Consumer Health Digest #04-33
Your Weekly Update of News and Reviews
August 17, 2004
Consumer Health Digest is a free weekly e-mail newsletter edited by Stephen Barrett, M.D., and cosponsored by NCAHF and Quackwatch. It summarizes scientific reports; legislative developments; enforcement actions; news reports; Web site evaluations; recommended and nonrecommended books; and other information relevant to consumer protection and consumer
FTC attacks funeral price advertising restriction. The Virginia Board of Funeral Directors and Embalmers has agreed to settle FTC charges that it illegally restrained competition by prohibiting licensed funeral providers from advertising discounts for products and services. The FTC charged that a board regulation that prohibited Board licensees from advertising discounts for "pre-need" funeral planning deprived consumers of truthful price information. Advance planning can be advantageous by allowing consumers time to compare prices among different providers. The FTC charged that the regulation deprived consumers of the benefits of price competition among licensees and resulted in some consumers paying higher prices. The order bars the Board from prohibiting or restricting truthful price advertising. [Funeral directors' board settles with FTC. [FTC news release, Aug 16, 2004] The FTC Funeral Rule, which bans certain deceptive practices and requires providers to disclose prices and give truthful and complete information. The FTC advises consumers to be aware of their rights and to shop around.. [Funerals: A Consumer Guide]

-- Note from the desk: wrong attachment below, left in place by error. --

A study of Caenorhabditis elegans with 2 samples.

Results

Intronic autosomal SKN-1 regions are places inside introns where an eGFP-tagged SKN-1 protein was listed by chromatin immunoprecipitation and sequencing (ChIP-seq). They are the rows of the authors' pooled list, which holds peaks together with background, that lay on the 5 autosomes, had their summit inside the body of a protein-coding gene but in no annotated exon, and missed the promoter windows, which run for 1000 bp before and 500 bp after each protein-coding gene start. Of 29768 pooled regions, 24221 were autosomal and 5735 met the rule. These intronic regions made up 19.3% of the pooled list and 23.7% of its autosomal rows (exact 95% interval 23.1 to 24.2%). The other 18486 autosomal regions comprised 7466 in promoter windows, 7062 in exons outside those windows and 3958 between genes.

Enzyte marketers sued. Hagens Berman has filed a suit on behalf of purchasers of Enzyte, an herbal product claimed to increase the size of men's genitalia. The suit charges that the manufacturer, Berkeley Premium Nutraceuticals, intentionally distributed false claims about the product and used deceptive and confusing materials to mislead customers into waiving their right to collect a refund. The Cincinnati Better Business Bureau, which has received more than 2,600 complaints related to Enzyte and other products, has rated the company "unsatisfactory." Most of these complaints focus on billing and marketing practices, particularly an offer for a free sample that automatically led to the customer being billed for an additional supply of the product. The Cincinnati Post has reported that in 2003, seven magazine and radio station groups sued the company for nearly $721,000 for advertising they claimed had not been paid for. [Paeth G. Enzyte maker under fire. Cincinnati Post, August 14, 2004]
British Advertising Authority attacks hypnosis-for-cancer ad. The British Advertising authority has concluded that Bryan Evers, who operates a hypnosis facility, could not subsubstantiate communications in which he suggested that "significant emotional events" can trigger cancer or that cancer could be successfully treated with hypnotherapy, neurolinguistic programming, and imagery. [Adjudication: Bryan Evers, July 21, 2004] Evers's approach was largely based on the "New Medicine," developed by Ryke Geerd Hamer, a German physician who claims that (a) the sudden and unforeseen onset of emotional conflict leads to cancer; (b) cancers can be cured if the conflict is successfully resolved; and (c) no other forms of treatment are necessary. The Swiss Study Group for Complementary and Alternative Methods in Cancer has published a position paper recommending against its use.
This page was posted on August 17, 2004.